Where Were You On 9/11?


Share this:

CHARLOTTE – I was on Park Road, returning from a meeting with the Board Chair of the Charlotte Rescue Mission. I had just traveled past the YWCA on Park Road when I heard the news. At first, someone thought a small private plane had crashed into one of the twin towers. I arrived at our woman’s division to hear someone mention the name of Osama Bin Laden. I had not heard that name before. When I arrived at our men’s division, we turned on the TV to watch smoke billowing from one of the Twin Towers. By this time, we learned it had not been a small private plane as some had thought. Instead, it was a full-sized commercial airliner that had changed its route and crashed into the tower. As we watched the live news coverage, we witnessed a second plane crash into the other tower. Another plane crashed into the pentagon. While planes had been landed across the US, there was still one plane that was unaccounted for. Passengers would take over that highjacked plane and would crash it in Pennsylvania.

Each generation has its own defining moment. Many of those who served in WW II were defined by theGreat Depression. There was no work. My grandfather lost several houses because he could not pay the taxes. My mother dropped out of high school to pay the mortgage on the last house he owned. I’ve seen my mother’s panic of running out of money.



Baby Boomers were born from 1946-1964. They grew up in the prosperity years post-WWII. I fall into that category. I can tell you where I was when I learned that President Kennedy had been assassinated. His death defined my generation. We started off the 1960s with quiet rock-n-roll and ended in 1969with Woodstock and the anti-Vietnam war protests as we tried to find our way in this world as a generation.

Generation X was born from 1965 to 1976. They witnessed the energy crisis, the fall of the berlin wall, the Challenger Explosion, and Operation Desert Storm. They coined the term latchkey children. Many would say they are lost as they don’t trust institutions and have become self-reliant.

Millennials (aka Gen Y) were born 1977 to 1995. They grew up with technology. Their defining events on 9/11. As Jason Dorsey explains in his TEDx Talk: “You cannot be born after 1995 and process the significance of September 11th, 2001 in the way those born before 1995 do.” They came of age at the commencement of the subsequent “war on terror.”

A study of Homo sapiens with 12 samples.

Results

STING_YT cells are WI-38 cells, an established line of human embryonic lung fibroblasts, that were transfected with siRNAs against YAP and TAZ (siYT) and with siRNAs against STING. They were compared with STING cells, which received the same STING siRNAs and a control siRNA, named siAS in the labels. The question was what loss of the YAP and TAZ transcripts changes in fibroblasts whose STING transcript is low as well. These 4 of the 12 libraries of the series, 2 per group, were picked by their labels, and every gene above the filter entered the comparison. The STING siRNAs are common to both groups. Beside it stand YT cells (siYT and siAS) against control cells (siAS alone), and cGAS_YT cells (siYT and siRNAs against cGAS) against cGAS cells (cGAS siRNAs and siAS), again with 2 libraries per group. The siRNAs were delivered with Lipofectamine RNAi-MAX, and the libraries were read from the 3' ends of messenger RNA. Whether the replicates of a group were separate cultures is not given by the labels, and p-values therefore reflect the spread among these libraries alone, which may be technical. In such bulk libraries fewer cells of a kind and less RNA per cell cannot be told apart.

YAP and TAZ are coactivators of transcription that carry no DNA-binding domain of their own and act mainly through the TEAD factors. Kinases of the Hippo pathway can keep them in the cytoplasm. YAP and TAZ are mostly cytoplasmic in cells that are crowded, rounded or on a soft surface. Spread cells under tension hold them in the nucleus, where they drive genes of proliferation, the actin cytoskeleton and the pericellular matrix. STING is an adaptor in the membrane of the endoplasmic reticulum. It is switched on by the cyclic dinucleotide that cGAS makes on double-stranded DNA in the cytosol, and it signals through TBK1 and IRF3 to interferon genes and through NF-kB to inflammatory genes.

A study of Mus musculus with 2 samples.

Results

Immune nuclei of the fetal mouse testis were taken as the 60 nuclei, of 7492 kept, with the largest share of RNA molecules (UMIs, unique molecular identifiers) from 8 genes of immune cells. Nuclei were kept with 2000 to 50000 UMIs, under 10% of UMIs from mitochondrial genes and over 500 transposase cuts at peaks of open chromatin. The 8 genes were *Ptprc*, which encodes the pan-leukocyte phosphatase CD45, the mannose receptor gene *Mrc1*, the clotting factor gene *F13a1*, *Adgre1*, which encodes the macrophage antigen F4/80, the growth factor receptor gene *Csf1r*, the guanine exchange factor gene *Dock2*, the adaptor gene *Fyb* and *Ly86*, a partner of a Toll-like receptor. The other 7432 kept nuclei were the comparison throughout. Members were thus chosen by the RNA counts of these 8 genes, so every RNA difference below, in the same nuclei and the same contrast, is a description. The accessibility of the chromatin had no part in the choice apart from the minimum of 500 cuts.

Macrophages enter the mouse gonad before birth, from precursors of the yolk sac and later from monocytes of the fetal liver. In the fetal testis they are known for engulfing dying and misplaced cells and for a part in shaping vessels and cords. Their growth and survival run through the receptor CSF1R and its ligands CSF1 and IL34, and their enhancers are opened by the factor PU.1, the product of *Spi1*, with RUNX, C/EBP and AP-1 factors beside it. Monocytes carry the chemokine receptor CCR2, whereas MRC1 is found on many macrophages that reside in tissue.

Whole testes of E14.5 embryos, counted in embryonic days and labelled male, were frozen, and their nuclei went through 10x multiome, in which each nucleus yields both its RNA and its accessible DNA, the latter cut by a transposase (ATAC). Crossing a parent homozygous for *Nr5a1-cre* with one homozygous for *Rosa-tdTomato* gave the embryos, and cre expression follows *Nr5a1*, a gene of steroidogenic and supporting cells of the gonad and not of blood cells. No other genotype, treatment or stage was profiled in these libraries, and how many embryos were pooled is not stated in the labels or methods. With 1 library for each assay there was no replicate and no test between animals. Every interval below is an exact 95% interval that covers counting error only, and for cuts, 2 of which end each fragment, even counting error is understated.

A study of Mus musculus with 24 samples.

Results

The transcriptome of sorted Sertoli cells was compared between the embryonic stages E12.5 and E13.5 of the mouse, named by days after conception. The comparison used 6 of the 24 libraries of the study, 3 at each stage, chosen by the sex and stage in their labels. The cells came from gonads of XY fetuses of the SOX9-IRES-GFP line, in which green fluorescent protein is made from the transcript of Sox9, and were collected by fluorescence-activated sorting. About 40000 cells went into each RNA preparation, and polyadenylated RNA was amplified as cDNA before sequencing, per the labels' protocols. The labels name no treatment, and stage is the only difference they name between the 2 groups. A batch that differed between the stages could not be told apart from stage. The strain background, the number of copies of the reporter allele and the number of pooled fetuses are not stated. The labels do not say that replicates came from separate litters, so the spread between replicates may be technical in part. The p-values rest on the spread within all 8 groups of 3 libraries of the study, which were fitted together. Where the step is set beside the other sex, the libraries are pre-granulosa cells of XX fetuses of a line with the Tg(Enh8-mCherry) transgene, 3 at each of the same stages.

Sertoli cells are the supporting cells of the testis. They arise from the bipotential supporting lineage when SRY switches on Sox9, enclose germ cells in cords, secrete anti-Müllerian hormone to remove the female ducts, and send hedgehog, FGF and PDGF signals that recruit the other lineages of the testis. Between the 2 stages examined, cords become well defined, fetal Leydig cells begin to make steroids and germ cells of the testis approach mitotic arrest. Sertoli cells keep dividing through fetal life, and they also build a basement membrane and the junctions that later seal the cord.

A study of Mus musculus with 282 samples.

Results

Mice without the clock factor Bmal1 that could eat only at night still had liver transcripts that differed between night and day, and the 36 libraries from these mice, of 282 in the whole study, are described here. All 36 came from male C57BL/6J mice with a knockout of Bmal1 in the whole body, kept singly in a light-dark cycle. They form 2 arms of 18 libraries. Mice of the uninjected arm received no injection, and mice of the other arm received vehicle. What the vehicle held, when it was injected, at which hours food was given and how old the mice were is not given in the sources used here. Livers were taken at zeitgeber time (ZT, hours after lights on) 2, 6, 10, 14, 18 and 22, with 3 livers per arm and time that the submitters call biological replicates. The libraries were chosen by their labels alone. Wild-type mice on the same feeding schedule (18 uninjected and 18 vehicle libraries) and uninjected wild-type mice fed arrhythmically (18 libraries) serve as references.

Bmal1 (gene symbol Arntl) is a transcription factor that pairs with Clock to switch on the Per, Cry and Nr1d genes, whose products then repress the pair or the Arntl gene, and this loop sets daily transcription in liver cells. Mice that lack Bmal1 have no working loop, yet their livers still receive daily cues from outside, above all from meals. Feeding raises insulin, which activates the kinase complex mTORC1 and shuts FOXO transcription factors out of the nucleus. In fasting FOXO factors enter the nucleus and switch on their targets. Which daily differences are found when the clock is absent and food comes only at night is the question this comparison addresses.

Generation Z is born from 1996 to the present. They don’t recall a moment when the US war on terror did not exist. They will not recall a time before there was a black US president.

Each generation has that defining moment that those in their age group rally around and understand. When I was young, the adults would say, “when I was a kid…” and talked from their perspective as if that was the only correct world view. Now I am that adult and have to avoid using that phrase.

What defines me? It’s an incident that happened during my last year of college. It wasn’t good. In fact, it was bad. It was what someone wanted to do to me. It shook me to the core. It rattled my faith. In the process, it defined me and my faith. It caused me to despise cliché Christianity. Instead, I have a pursuit of authentic Christianity.

I’ll be back in two weeks. Until then, live well my friend.

Rev. Tony Marciano is the President/CEO of the Charlotte Rescue Mission. He is available to speak to your group. Go to www.charlotterescuemission.org and go to contact us- just ask for Pam.

Share this:



Previous articleFor the Love of Art
Rev. Tony Marciano is the President/CEO of the Charlotte Rescue Mission. He is available to speak to your group. Go to www.charlotterescuemission.org and go to contact us- just ask for Pam.